New Orioles third baseman Mark Reynolds showed up at the Orioles Reach holiday party on Tuesday and waded right into his new baseball community. He also walked right into another round of questions about his difficult 2010 season with the Arizona Diamondbacks.
Give him this much. He didn't duck any of them -- not even the ones that included comparative references to Garrett Atkins, who came to Baltimore under similar circumstances last year and did nothing to repay the Orioles for taking a $4 million chance on him.
I guess when you hit a career-low .198 and strike out more than 200 times for the third straight season, you've got to expect that sort of thing.
"I think I've been compared to him a few times by a lot of people out here, with both of us coming off down years and the Orioles kind of trying to take a chance on something," he said, "but I feel I'm a good player and I'm not pressured or nervous by any means to go perform because I know I can."
It's probably not a fair comparison. Atkins was coming off four straight years of declining offensive numbers when the Orioles tried to revive his career. Reynolds hit 44 home runs two seasons ago for the Diamondbacks and -- even with that scary batting average and all those strikeouts -- he still had 32 homers and 85 RBIs last year.
If you want that put into a more local perspective, I'll turn this column over to manager Buck Showalter for a moment.
"He would have led us in four categories last year,'' Showalter said.
That's true. Reynolds would have led the Orioles in home runs, RBIs, runs (tied with Nick Markakis) and walks, but he also is the only player in major league history to strike out more than 200 times in a season, and he has done that in each of the past three seasons.
Of course, 200-plus strikeouts doesn't look quite so bad when you hit 44 homers, score 98 runs and drive in 102 the way he did in 2009, and I'm pretty sure Orioles fans would happily accept that tradeoff if Reynolds can crank out that kind of run-production at Camden Yards this year.
"I'm looking forward to having this year start because that's all I hear about is 'you had such a terrible year' or whatever," he said. "I'm not making excuses for it, but I had injuries, I struggled at times, I had a concussion. It was just one thing after another it seemed like last year, so I'm definitely looking forward to getting that behind me and getting a fresh start here in Baltimore so I won't have to talk about that anymore."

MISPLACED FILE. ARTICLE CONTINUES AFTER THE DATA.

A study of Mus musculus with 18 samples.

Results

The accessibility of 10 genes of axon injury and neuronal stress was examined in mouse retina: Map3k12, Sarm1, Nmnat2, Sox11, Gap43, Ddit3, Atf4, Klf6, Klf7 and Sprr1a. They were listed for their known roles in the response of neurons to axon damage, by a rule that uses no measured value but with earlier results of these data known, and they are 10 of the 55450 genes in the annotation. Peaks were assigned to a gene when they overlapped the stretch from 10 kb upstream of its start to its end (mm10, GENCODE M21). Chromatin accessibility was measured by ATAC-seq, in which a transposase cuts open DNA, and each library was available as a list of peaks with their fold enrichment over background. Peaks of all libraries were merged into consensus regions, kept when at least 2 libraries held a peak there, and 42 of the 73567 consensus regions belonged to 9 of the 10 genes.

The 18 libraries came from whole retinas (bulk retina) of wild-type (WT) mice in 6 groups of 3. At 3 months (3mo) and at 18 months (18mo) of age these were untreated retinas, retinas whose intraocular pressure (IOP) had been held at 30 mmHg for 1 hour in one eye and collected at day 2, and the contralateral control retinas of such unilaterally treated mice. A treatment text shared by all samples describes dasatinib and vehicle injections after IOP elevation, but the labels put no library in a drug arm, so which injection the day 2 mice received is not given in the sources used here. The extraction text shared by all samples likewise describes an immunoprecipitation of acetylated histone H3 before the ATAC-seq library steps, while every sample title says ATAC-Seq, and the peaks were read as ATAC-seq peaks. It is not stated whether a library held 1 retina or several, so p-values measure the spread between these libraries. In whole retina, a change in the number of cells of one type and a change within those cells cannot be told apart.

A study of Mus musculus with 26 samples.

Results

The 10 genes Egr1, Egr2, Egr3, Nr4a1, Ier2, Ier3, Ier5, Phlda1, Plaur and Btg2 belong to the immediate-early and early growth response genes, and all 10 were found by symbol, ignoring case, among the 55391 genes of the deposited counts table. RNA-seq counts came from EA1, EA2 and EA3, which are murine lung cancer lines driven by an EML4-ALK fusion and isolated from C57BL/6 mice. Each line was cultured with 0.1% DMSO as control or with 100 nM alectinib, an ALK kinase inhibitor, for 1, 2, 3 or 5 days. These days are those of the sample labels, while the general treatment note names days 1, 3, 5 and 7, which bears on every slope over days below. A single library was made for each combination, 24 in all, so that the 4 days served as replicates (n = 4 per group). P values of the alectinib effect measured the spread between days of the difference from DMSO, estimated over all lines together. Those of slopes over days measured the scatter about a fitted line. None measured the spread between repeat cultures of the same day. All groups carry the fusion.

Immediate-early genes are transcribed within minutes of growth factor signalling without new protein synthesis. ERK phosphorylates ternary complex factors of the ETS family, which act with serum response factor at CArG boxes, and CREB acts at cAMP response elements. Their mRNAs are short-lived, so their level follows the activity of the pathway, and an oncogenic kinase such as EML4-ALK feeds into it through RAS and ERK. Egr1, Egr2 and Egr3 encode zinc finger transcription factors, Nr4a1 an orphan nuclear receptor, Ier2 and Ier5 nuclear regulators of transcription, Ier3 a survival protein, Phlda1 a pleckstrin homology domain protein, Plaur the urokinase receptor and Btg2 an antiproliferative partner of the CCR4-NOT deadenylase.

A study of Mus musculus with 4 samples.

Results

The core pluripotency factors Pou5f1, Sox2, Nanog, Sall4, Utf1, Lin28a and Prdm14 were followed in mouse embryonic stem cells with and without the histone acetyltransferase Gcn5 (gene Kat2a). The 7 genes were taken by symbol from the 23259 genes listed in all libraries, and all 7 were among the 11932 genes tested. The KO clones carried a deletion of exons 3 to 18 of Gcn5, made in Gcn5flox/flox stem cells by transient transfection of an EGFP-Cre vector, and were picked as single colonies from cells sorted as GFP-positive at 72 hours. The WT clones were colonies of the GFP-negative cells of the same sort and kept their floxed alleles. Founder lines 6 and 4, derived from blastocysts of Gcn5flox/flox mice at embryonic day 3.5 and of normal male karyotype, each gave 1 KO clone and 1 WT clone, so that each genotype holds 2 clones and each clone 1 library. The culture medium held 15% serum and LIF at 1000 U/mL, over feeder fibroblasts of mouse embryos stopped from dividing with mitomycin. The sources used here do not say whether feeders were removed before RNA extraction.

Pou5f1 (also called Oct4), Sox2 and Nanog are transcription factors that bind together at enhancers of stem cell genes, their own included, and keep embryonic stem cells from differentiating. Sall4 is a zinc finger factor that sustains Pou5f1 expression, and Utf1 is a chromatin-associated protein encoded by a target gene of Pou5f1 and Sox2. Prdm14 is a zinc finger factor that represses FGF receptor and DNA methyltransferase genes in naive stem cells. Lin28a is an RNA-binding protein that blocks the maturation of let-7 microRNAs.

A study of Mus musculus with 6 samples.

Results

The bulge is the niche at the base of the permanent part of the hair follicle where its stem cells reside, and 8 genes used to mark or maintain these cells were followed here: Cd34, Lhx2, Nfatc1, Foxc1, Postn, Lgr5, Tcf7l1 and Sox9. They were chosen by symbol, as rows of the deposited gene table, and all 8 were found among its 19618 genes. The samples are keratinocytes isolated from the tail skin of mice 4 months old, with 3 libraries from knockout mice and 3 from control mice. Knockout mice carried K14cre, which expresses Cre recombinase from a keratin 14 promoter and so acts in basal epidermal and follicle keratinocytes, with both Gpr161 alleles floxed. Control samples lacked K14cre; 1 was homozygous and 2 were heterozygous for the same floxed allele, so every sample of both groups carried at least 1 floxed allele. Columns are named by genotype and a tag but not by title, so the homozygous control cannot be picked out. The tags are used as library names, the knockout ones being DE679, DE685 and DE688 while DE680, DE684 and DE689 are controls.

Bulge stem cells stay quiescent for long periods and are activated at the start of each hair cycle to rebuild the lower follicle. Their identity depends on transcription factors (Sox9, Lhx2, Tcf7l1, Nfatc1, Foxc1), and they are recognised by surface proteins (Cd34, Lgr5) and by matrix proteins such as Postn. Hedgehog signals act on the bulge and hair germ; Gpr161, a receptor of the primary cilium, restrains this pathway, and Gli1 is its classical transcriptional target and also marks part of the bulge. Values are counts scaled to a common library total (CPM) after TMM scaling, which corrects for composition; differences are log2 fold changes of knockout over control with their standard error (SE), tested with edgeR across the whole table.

Maybe it was the spirit of the season -- and the presence of all those happy school kids at Dave & Buster's in the Arundel Mills mall on Tuesday -- but Reynolds said all that without a hint of rancor. He seems pretty comfortable in his skin, and he looked good in his new No. 12 jersey, even if he was wearing it over street clothes.
Showalter said he's very comfortable with Reynolds at third base and isn't spending a lot of time fretting about the wide gulf between Reynolds' healthy 2010 run-production numbers and his problems making consistent contact.
"I think it's a mistake to go into it [and say], 'Hey, Mark, how ya' doing, let's go over here and talk about how we can reduce your strikeouts,'" Showalter said. "It falls underneath the 'No [bleep]' column. I won't be surprised if he strikes out 200 times, but he would have led us in four categories and we don't have that cat walking around here yet. We hope it's Josh Bell one day, but it might be at first base, left field or somewhere else."
"We were 28th and 30th at shortstop, third base, first base and left field last year in all of baseball. With J.J. [Hardy] and hopefully what we can do at first base and good health in left field, we'll climb out of that hole."
Still, it isn't as if Reynolds is taking the strikeout thing lightly. He knows what it would mean to his overall numbers if he could knock, say, 50 strikeouts off last year's total, and he has been working with former Oriole Brady Anderson on adjusting his approach when he's behind in the count.
"It's obviously a priority,'' he said. "I realize that I'm not going to be very successful in the long term if I keep doing what I'm doing at the rate I'm doing it. If I knew the answer, I would have done it last year."
Listen to Peter Schmuck on WBAL (1090 AM) at noon Fridays and Saturdays and at 6 p.m. Tuesdays and Thursdays with Brett Hollander. Also, check out his blog, "The Schmuck Stops Here," at baltimoresun.com/schmuckblog.